I just got back from a trip I took for a few weeks to London and Paris. Before you hate me, let me tell you that the trip was filled with challenges. From our hotel “losing” our reservations to getting sick, it was not the relaxing vacation I was expecting.

That being said, it was also one of the best trips I ever had.


It reminded me that the idea of a retreat or vacation from reality is a temporary fix. Your problems do follow you wherever you go and can be a microcosm of your real life. Although taking a break is a necessity for our mental health, it should not be perceived as an escape or a cure for what’s really ailing us.

In the end, it gave me the insight to see that I didn’t need to wait for big vacations and once-in-a-lifetime opportunities to change my life. I needed to tune into what I was doing on a day-to-day basis and learn how to relax, be kind to myself and compassionate for my experiences instead of wait for a vacation or situation to heal me.

It was a lesson learned the hard way, but one I can appreciate in retrospect.

How about you? Any lessons you learned on your summer vacation?

As always, we have a handful of insightful, informative posts for you this week. Enjoy!

Lindsay Lohan: Mental Illness as Entertainment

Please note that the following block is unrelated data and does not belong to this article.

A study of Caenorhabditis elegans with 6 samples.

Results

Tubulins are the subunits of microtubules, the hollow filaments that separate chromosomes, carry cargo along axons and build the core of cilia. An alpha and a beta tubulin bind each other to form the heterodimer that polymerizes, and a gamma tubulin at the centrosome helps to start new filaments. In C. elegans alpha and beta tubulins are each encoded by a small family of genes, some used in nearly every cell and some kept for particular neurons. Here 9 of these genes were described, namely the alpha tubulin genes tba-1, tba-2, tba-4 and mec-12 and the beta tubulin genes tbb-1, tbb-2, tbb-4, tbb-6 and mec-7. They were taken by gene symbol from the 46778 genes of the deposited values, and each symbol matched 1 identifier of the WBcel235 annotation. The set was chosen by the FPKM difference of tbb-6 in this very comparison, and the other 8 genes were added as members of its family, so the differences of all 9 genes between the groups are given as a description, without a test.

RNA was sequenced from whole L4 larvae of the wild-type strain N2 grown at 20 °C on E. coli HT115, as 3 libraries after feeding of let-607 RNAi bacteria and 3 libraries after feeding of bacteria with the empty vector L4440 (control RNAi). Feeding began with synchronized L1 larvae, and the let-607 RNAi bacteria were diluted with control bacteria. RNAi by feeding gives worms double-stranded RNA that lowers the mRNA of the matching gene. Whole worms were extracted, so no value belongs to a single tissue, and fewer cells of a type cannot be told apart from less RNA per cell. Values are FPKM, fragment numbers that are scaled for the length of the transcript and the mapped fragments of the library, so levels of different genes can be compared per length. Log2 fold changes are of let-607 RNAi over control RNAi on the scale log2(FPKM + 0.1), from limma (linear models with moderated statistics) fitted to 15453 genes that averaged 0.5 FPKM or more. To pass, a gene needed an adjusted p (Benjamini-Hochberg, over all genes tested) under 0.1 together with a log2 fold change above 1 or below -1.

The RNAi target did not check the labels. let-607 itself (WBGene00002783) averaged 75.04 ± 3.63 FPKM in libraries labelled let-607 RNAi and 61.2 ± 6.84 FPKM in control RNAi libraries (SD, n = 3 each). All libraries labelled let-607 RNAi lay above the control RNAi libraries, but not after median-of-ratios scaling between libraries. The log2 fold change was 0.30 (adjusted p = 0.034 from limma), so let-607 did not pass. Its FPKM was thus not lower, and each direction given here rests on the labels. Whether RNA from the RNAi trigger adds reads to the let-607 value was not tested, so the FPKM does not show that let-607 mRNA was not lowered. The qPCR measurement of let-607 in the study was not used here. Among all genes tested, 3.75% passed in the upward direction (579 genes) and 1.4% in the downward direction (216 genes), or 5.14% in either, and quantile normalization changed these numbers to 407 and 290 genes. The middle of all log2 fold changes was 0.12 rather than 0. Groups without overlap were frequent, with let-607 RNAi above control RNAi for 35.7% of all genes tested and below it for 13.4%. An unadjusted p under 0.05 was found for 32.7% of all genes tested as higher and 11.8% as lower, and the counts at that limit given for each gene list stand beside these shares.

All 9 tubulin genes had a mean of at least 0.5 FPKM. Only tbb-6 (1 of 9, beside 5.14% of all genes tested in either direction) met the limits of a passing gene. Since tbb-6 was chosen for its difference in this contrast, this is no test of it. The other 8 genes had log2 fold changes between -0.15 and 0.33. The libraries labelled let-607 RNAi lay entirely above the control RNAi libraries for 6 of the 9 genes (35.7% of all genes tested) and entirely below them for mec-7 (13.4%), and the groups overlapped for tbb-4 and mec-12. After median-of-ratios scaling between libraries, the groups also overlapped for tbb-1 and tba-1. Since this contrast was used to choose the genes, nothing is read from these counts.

(Depression on My Mind) – Have you had enough of Lindsay Lohan? It seems as though Hollywood hasn’t. Read this and get a different perspective on the matter.  You might even say a more compassionate one.

Nurturing Creativity in Solitude

(The Creative Mind) – Why is that the extroverts seem to have all the fun? In this riveting post, The Creative Mind explores the other side and why nurturing solitude is actually a good thing for our lives and for our creativity.

Low Stress School Routines – Peaceful Bedtime

(Family Mental Health) – It’s fall and school has begun. Do yourself a favor and stop bad bedtime habits before they start. Read these helpful tips to get the school year and bedtime started off right.

How Does Therapy Work? Neuroscience and the ‘Sixth Sense’

(The Therapist Within) – Sure therapy works. But do you know how it works? Recent studies are backing up the importance of the therapeutic relationship. You’ll want to tune in. It’s fascinating stuff!

Diary Cards: How Keeping a Record Can Help You Change

(Dialectical Behavior Therapy Understood) – In DBT, you have a diary card. What’s a diary card and why is it important to therapy? Guess you’ll have to go here to find out. You won’t be disappointed, I promise.